July 31, 1998

NAIROBI, Kenya (AP) _ President Daniel arap Moi has undermined his credibility in battling rampant corruption by getting rid of the man he recently named to lead the campaign, Kenyan newspapers said Friday.

``The government has goofed once again,″ the daily Business Africa wrote of the suspension Wednesday of John Harun Mwau as head of the Kenya Anti-Corruption Authority.

The anti-graft unit was set up under pressure from the International Monetary Fund, which last August suspended a $220 million loan to Kenya because of the government’s failure to stem corruption.

Moi suspended Mwau after he obtained arrest warrants for four senior treasury and tax department officials and 11 lower-ranking officials. A statement from the president’s office said Moi had set up a tribunal to look into ``the proper performance″ of Mwau’s office.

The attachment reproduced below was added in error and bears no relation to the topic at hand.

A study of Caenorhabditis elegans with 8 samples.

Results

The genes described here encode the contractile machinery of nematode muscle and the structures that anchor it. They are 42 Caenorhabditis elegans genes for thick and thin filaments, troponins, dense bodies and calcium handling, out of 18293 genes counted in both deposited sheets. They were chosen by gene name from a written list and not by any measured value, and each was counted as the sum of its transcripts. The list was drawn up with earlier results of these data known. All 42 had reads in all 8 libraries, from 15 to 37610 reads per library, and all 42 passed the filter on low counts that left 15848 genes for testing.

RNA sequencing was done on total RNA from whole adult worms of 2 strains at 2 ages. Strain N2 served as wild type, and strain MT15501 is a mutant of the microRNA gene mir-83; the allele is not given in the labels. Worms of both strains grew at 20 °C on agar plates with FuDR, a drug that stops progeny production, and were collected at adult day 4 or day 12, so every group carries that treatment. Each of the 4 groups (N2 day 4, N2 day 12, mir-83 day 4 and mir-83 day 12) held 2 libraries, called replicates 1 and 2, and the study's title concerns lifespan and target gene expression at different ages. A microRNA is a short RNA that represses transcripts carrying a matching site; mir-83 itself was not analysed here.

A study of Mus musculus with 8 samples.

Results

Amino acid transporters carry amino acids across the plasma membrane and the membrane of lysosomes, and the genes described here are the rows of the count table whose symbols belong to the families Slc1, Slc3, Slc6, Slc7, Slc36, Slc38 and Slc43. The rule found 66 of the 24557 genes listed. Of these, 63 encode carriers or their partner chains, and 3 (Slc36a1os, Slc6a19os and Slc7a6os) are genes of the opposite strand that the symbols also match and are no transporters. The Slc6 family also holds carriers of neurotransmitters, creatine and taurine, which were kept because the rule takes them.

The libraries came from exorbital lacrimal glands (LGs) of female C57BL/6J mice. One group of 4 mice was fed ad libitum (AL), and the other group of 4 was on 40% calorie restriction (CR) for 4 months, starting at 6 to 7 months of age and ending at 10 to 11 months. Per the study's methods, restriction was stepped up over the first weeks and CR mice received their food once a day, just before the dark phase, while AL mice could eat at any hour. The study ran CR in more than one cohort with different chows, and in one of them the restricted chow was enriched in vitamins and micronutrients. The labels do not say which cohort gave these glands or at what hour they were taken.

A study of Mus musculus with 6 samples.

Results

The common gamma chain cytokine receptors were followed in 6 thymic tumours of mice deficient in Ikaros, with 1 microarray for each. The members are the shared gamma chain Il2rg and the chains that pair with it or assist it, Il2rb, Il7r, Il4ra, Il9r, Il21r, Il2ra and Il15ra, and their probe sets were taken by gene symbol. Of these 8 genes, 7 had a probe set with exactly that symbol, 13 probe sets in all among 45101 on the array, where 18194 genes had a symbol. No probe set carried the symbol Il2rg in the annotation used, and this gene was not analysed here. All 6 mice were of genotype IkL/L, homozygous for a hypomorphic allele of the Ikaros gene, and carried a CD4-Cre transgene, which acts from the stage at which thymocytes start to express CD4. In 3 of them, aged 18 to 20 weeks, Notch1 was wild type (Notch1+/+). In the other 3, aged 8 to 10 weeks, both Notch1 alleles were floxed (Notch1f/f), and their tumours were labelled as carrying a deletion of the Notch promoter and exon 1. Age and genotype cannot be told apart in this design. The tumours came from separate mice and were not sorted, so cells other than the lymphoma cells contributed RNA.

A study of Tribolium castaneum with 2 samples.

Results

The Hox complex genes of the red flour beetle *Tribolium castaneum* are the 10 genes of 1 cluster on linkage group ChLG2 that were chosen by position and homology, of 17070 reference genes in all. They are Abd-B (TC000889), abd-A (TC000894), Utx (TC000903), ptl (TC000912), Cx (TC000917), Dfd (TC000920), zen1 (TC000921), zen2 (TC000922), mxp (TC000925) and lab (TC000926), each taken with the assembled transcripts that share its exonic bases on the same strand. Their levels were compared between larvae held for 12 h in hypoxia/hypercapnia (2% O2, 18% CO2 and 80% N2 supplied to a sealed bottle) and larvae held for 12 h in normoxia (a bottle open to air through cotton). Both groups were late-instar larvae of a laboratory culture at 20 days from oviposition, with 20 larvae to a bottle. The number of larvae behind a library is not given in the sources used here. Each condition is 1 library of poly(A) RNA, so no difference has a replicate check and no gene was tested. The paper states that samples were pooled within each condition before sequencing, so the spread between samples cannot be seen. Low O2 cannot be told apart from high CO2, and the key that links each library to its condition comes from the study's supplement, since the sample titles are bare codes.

Mwau accuses the officials of failing to collect $3.8 million in duties on imported wheat and sugar.

The independent Daily Nation, the largest newspaper in East Africa, said the suspension ``sends the wrong signal″ about Kenya’s seriousness in pursuing corruption.

Even the East African Standard, usually close to Moi’s ruling Kenya African National Union party, warned the government to move cautiously after having ``shot itself in the foot.″

A magistrate issued the warrants on July 16, but they were declared null and void the following day by the Attorney General’s office.

The warrants had been for Kenya Revenue Authority chief John Msafiri; Customs and Excise boss Samuel Chebii; the Finance Ministry’s director of fiscal and monetary affairs N. Njeru Kirira; and finance secretary Joseph Kinyua.

The anti-Moi weekly People newspaper saw Mwau’s suspension in a different light, saying it was connected to the power struggle over who is to succeed Moi.

Moi, 78, has yet to name a vice president following his reelection to a fifth term in December.